The revelation earlier this week that just two banks are now lending to first time buyers would’ve come as little surprise to many looking to get on the property ladder.
The banks have stated for some time that they are giving out loans but all the evidence would appear to state the contrary.
Yes, 2012 has witnessed a bit of a boost for the property market in the first two months of the year but with some estate agents reporting that cash buyers are now accounting for over 30% of their business, many who don’t have the luxury of cash reserves are being prevented from buying.
A report earlier this week revealed that only two banks – AIB and Bank of Ireland – are now willing to lend to first-time buyers. The news followed KBC’s decision to effectively pull the shutters down on mortgage lending to new buyers by insisting they have at least 20% of a deposit. To put that into context, it would mean that a first time buyer who have to put €40,000 of their own money towards the price of a €200,000 house.
Other banks are being just as tight with the likes of Permanent TSB, Ulster Bank, National Irish Bank and EBS reported to be extremely reluctant to lend to young borrowers.
No one is expecting banks to be as reckless with money as they were during the boom years but their hesitancy is severely hindering the market and, in turn, local economies as those who buy homes will in turn be looking to buy the likes of furniture, carpets, TVs and other household items.
This week’s MyHome.ie survey revealed that three out of four first time buyers believe they have enough money to pay for a deposit on a home but that money is little good to them if they cannot get the remainder of the finance from the banks.
These are the same banks who have been bailed out by the Irish taxpayer and who have been given funds in recent times by the European Central Bank in order to get the economy moving again.
Ask any bank official on the record whether his or her institution is lending or not and they’ll tell you “of course” but whether that be true or not, the vast majority of people don’t believe it.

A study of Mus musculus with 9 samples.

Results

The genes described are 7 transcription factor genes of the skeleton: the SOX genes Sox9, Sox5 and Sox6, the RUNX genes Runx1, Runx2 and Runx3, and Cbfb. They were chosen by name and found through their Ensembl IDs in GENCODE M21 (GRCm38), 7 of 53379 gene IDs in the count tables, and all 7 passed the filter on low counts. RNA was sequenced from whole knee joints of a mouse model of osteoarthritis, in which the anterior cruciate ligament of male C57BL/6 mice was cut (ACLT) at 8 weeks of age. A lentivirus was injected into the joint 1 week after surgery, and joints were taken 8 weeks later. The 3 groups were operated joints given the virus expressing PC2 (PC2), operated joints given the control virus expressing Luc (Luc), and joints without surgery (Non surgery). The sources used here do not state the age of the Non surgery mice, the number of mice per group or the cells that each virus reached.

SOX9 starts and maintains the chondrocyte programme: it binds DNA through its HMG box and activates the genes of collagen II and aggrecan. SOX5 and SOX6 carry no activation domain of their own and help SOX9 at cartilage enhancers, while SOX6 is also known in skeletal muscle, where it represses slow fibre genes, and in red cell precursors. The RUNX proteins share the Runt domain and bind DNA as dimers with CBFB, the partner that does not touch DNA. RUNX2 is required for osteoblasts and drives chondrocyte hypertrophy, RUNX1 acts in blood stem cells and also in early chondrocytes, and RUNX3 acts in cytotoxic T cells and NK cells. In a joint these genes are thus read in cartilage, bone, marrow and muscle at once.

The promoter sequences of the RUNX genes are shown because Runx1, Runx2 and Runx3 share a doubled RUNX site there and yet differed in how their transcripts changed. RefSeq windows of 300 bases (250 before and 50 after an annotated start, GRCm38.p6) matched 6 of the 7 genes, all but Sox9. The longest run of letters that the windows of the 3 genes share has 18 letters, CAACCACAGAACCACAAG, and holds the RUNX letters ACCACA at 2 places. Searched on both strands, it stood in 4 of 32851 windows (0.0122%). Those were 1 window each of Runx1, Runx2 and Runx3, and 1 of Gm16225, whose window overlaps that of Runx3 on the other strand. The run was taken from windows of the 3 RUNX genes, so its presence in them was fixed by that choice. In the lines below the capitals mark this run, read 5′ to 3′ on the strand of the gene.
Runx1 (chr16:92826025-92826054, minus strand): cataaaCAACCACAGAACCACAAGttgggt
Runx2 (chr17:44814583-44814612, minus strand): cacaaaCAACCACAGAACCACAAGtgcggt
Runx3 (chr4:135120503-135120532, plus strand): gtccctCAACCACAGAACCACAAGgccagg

Our survey – conducted before this week’s revelations – showed that 65% of homeowners do not believe financial institutions are lending, with 43% of them insisting they were over-regulated or over-cautious. Optimism was slightly up amongst first-time buyers, with just 52% believing that financial institutions were not lending but that’s still well off what it should be.
It’s not just homeowners or potential homeowners who are complaining either, with Irish Hotels’ Federation president Michael Vaughan also highlighting the lack of available credit as a major obstacle for the hotel industry to overcome.
The reality is that unless access to finance is freed up then transactions will remain low.
Considering the incentives that Minister for Finance Michael Noonan introduced in last December’s Budget to encourage first-time buyers to buy in 2012, surely the time has come for the government to intervene and force the banks into lending more.
We’re a quarter of the way through the year now and the promised funds haven’t arrived. The banks being cautious is understandable but the harsh lessons of the past shouldn’t prevent a new and younger generation from being able to purchase their own home.
Hopefully there is light at the end of the tunnel though with some hope taken from the fact that an Oireachtas Committee recommended this week that banks should not have the final say on who gets a mortgage write-down. They suggested an appeals mechanism would be put in place.
That, at least, would ensure fair play, which many feel they aren’t getting at present.